Monday, 6 April 2009

Parallel Session: 2.0 much to do: how, when and why should library staff find out about web 2.0, and what does it mean for information literacy?

Jenny Evans and Ruth Harrison (Imperial College London)

The Imperial College London are the first English HEI to run a web 2.0 awareness/training programme inspired by ‘The 23 Things’ as originally conceived by Helen Bowers, Public Library of Charlotte & Mecklenburg County. McMaster University Library has run a similar programme in America, as have Murdoch University Library in Australia.

I was interested to attend this session as I have recently completed a 12 week training programme at Liverpool John Moores University (LJMU) – Learning 2.0 @ LJMU – in which the whole of Learning and Information Services (LIS) have participated across the board, senior management and assistants alike, in a web 2.0 awareness initiative. I felt that this session would be an excellent opportunity to compare some of the things I have experienced at LJMU, and the ways in which this was achieved, with that of the staff at Imperial College London.

Imperial College London ran their learning 2.0 programme for a 10 week period, over the summer vacation; participants were given 1 hour per week to complete designated tasks. Experiences included exercises in all sorts of web 2.0 technologies, from blogs and wikis, to podcasting and multimedia, RSS feeds to social networking, and even gaming and virtual worlds.

The Imperial 2.0 team practiced what they preached, utilising web 2.0 technologies to develop and implement the Learning 2.0 @ Imperial College Library scheme through the medium of a wiki, a blog and slideshare. Participants were also expected to continually develop their use of web 2.0 tools through a reflective blog which was to be maintained throughout the 10 week period.

Interestingly, from a personal point of view, during week 6 (online tools and applications), participants were asked to explore how mobile phones could potentially be used in academic libraries, and whether other HEIs were currently experimenting in this field. This is very different from my experiences of the Learning 2.0 @ LJMU training programme where the tasks were very much centered on (what I would describe as) ‘traditional’ web 2.0 tools (blogs, wikis, social networking). This is again highlighted in Imperial’s bravery(!) in experimenting with online gaming and virtual worlds – an area currently unexplored in the current Learning 2.0 @ LJMU programme!!!

The main problem that the 2.0 team at Imperial encountered was that of bad timing (and having the control of certain decisions taken out of their hands) – unfortunately the start of the learning 2.0 programme got pushed back and this meant that the scheduled finale of the 10 week programme fell directly before the first week of semester – probably one of the worst times of year as many Information Professional will probably appreciate! The Learning 2.0 team at Imperial found that approximately a third of participants excelled, a third tried hard but lost their way a bit and a third didn’t really complete much at all…a point to note here is that the Imperial’s Learning 2.0 programme was not compulsory (as it has been here at LJMU) so maybe a higher success rate was anticipated than was actually achieved…?? Obviously the unfortunate rescheduling of the run period of the programme probably also had a bearing on the success rate of participants.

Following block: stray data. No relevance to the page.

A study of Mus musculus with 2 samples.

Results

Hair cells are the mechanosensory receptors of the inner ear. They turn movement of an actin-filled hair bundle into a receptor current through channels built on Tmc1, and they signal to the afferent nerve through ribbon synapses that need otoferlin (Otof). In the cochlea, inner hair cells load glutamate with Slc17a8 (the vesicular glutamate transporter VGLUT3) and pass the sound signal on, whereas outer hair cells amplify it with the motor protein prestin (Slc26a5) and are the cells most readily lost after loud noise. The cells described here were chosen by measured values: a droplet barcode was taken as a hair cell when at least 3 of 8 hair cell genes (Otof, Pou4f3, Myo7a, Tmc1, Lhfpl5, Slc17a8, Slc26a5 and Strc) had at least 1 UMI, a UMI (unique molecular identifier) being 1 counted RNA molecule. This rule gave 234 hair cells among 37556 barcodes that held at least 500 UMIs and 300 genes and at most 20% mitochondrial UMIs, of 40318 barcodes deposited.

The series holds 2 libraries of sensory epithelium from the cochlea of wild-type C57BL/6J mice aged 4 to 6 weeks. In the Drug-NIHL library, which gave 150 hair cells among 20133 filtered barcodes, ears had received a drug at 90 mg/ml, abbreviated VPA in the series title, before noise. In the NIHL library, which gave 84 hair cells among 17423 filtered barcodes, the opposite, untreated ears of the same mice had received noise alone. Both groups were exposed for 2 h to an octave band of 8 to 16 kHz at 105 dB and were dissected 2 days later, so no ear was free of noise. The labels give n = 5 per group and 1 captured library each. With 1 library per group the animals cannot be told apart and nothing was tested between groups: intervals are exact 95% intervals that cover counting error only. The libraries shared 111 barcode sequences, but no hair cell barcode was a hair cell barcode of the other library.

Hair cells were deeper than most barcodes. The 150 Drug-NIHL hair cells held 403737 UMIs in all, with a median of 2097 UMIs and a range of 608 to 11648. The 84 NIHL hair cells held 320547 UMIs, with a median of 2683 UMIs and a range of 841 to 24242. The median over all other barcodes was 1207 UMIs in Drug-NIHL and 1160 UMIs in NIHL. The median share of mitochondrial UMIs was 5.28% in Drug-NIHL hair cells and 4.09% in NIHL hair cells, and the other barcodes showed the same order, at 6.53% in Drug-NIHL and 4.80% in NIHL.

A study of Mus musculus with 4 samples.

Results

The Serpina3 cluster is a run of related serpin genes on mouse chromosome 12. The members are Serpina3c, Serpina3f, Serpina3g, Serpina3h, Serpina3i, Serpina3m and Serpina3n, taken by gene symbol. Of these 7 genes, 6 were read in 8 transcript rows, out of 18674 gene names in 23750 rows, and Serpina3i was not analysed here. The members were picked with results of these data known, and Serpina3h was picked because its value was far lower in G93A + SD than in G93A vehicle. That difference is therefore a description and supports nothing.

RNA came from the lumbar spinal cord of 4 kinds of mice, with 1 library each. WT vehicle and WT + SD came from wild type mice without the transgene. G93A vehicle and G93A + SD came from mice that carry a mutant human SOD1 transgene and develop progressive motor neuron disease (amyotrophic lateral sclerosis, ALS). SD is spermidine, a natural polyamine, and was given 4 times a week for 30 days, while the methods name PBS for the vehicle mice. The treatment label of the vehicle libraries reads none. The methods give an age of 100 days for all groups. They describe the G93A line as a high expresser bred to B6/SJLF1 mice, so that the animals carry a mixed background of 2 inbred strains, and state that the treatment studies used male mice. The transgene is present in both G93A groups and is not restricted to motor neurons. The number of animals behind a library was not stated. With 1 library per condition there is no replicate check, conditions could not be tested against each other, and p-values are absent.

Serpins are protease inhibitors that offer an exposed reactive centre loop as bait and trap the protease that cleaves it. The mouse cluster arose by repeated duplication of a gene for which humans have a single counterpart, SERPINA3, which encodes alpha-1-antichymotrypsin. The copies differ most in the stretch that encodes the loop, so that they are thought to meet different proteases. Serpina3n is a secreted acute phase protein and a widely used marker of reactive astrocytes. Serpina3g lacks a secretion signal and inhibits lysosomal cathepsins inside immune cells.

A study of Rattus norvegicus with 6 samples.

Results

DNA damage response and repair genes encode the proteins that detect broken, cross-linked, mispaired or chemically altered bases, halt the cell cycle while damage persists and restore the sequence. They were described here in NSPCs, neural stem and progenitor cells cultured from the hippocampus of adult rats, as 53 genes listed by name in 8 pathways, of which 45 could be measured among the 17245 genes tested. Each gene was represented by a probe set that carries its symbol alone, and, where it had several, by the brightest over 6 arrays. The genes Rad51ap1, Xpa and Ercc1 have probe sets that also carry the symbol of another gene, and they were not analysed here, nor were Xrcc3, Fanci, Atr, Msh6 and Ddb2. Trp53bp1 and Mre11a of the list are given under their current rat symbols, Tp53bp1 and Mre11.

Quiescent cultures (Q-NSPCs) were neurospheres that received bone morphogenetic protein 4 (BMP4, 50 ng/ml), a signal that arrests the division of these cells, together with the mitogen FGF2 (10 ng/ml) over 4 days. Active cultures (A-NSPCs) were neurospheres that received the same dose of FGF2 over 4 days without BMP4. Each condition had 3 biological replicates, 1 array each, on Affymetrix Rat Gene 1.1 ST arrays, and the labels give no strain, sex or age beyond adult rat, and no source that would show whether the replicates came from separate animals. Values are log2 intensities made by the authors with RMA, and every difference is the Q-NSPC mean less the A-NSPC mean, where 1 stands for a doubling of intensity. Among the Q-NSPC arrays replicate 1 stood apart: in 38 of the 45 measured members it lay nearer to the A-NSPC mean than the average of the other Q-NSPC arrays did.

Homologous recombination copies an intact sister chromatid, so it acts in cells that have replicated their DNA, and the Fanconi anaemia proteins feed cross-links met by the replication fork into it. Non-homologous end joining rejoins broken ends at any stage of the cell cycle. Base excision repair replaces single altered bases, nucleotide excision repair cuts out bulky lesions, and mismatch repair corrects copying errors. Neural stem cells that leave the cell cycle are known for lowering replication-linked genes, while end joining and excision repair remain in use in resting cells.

On a more positive note, it appears that participants of the Learning 2.0 @ Imperial College Library programme are now not only more confident and aware of web 2.0 technologies, they are also using them on a day-to-day basis: Twitter and IM being the two of note. Also, some of the reflective blogs kept by participants are extremely inventive and suggest that participants of the Learning 2.0 programme have really been ‘excited’ by web 2.0 and thus keen to experiment!

I felt that the interactive session hosted by Jenny Evans and Ruth Harrison was delivered extremely well. It provided delegates with a good insight in to the Learning 2.0 @ Imperial College Library training programme and encouraged people to have the confidence to experiment (both within the LILAC workshop but more importantly within the overall training scheme). The whole ‘just do it’ idea that encapsulates web 2.0 is something that I feel really needs to be instilled into any future ‘The 23 Things’ type initiatives, without empowering participants with an element of freedom, and encouragement to experiment, the learning achievements will probably be quite poor.

Jenny and Ruth alluded to the skills gap in this area with regards to library staff and knowledge of web 2.0; as more and more students are growing up in an era of content creation, collaboration and experimentation, the implications of ignoring this field of work are grim. If our students are using web 2.0 channels to learn and study we need to make sure that we stake our place in this ever expanding area now so that we can effectively support our students in the future.

1 comment:

  1. Great write up Vicki, as you know I'm particularly interested to hear about Learning 2.0 programmes so it's good to read about the talk.